A recent lawsuit challenges Alabama’s state-wide method of electing appellate court judges. National Public Radio (NPR) interviewed retired Federal Magistrate Judge Vanzetta McPherson about the lawsuit. McPherson previously served the Federal Court in Montgomery.
McPherson answered questions from the NPR host about the new election lawsuit. Alabama elects appellate judges in state-wide elections. The lawsuit alleges this state-wide process is a violation of the Federal Voting Rights Act. As McPherson explained in the NPR interview, minorities are not currently represented on Alabama’s appellate courts.
I’m not an expert on the Voting Rights Act. I will let McPherson discuss that issue. However, I have long advocated a change to our appellate election system so that judges could be elected by districts rather than state-wide. I wrote a prior blog post which discussed the issue in 2010. I welcome McPherson’s discussion concerning diversity and representation on our appellate courts.
McPherson believes district-based elections will increase minority representation on our appellate courts. I agree a district-based system would make our courts more diverse. I believe elections based on districts would bring several improvements. In my 2010 post titled Three Ideas for Reform In Alabama’s Judicial System, I discussed benefits of electing Alabama Supreme Court justices by district. As I noted:
Alabama voters presently elect the Chief Justice of our Supreme Court as well as all 8 associate justices in statewide elections. On several occasions, proposals have been made to elect the 8 associate justices by district. Does our current system allow a candidate to neglect certain areas of the state and focus on major media areas when running for office? Does it allow a candidate with very little practical experience simply to run an advertising campaign statewide? By focusing on districts, it would seem more likely that the successful candidate had developed a reputation for quality legal skills within their local community. It might lessen the ability of less qualified candidates to gain election through mass advertising efforts aimed simply at building name recognition. Moreover, it could provide local courts in that district with a specific justice who could respond to emergency issues.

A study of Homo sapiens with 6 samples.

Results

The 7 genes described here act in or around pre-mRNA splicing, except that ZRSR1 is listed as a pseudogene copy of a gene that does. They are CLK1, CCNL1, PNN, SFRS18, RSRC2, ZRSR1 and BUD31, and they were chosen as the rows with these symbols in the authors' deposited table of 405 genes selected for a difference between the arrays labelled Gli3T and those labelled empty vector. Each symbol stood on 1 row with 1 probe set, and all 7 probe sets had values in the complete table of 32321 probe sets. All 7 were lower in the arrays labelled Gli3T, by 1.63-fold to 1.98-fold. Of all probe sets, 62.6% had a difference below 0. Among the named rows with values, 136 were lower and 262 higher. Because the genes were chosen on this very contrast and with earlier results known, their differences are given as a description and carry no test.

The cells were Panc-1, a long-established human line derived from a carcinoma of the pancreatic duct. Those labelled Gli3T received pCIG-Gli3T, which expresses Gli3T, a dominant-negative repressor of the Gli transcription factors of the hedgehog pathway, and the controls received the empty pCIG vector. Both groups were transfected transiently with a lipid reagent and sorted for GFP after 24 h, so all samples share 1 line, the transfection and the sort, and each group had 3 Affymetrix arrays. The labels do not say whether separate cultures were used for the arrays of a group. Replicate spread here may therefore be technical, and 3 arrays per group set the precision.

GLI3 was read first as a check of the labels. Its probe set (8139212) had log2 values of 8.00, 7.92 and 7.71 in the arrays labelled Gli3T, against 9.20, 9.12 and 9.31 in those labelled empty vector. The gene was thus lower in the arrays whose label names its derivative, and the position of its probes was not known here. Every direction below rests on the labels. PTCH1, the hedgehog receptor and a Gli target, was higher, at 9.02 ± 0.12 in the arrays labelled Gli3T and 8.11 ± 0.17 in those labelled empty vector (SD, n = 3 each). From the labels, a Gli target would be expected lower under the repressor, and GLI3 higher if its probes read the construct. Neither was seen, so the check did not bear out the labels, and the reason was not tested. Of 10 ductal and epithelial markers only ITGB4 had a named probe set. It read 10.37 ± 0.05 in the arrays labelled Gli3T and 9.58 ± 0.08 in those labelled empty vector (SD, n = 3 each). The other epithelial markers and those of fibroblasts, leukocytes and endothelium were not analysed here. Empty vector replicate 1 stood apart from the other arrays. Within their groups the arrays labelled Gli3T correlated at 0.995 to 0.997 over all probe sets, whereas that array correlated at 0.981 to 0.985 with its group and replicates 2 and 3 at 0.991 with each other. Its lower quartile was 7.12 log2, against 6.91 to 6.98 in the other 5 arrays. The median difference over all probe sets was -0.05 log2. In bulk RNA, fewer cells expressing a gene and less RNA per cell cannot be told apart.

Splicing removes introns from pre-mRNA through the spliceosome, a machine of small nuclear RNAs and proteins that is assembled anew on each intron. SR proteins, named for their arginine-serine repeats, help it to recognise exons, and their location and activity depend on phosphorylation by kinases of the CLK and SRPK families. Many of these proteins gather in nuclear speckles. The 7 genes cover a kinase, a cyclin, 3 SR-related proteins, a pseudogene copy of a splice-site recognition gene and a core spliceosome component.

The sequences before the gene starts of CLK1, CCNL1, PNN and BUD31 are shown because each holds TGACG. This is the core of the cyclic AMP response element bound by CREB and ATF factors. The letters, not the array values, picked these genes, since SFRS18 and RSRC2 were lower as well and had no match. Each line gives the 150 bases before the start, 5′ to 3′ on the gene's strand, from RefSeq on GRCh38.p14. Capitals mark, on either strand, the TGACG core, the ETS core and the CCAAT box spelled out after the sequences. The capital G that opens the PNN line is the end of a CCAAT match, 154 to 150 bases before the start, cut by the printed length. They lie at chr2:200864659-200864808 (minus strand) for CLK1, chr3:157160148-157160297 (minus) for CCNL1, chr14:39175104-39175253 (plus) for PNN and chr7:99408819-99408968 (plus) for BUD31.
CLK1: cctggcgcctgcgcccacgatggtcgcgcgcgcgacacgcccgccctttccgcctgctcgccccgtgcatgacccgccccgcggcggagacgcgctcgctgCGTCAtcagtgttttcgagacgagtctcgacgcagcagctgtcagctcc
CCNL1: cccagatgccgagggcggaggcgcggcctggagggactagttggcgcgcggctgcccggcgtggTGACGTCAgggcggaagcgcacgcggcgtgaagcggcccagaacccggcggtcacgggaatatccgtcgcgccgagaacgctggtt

Partisan judicial elections already compromise the integrity of our judicial system. Research suggests a significant relationship between political contributions and the decisions of judges in actual cases. Are judges who receive significant contributions biased? Maybe or maybe not. But, the acceptance of huge outside contributions creates a perception of bias. We deserve a judicial system free of bias or perceived bias. In recent decades, Alabama’s judicial elections have drawn substantial partisan financial contributions from parties with cases before the court. This influx of campaign money also allows candidates who lack experience or qualifications simply to run a massive television campaign.
Want the best appellate judges? Local lawyers know the individuals in their field who possess the best legal skills, the individuals with the most trial experience and the individuals with the proper temperament to be appellate judges. District-based elections would increase the likelihood a candidate with peer respect as an outstanding lawyer or jurist, would be elected. District-based elections would also lessen the likelihood a candidate with outside money could simply mount a successful, slick television ad campaign. And, district-based elections might provide needed diversity on our appellate courts from all areas of the state.
While I’m no expert on the Voting Rights Act, I do want my personal injury clients to have a voice in a court system free of outside or partisan contributions. I want appellate judges who tried cases in their communities and understand the trial process. We are asking these judges to make decisions about trials that impact our citizens. It is essential we have a system that is fair for all.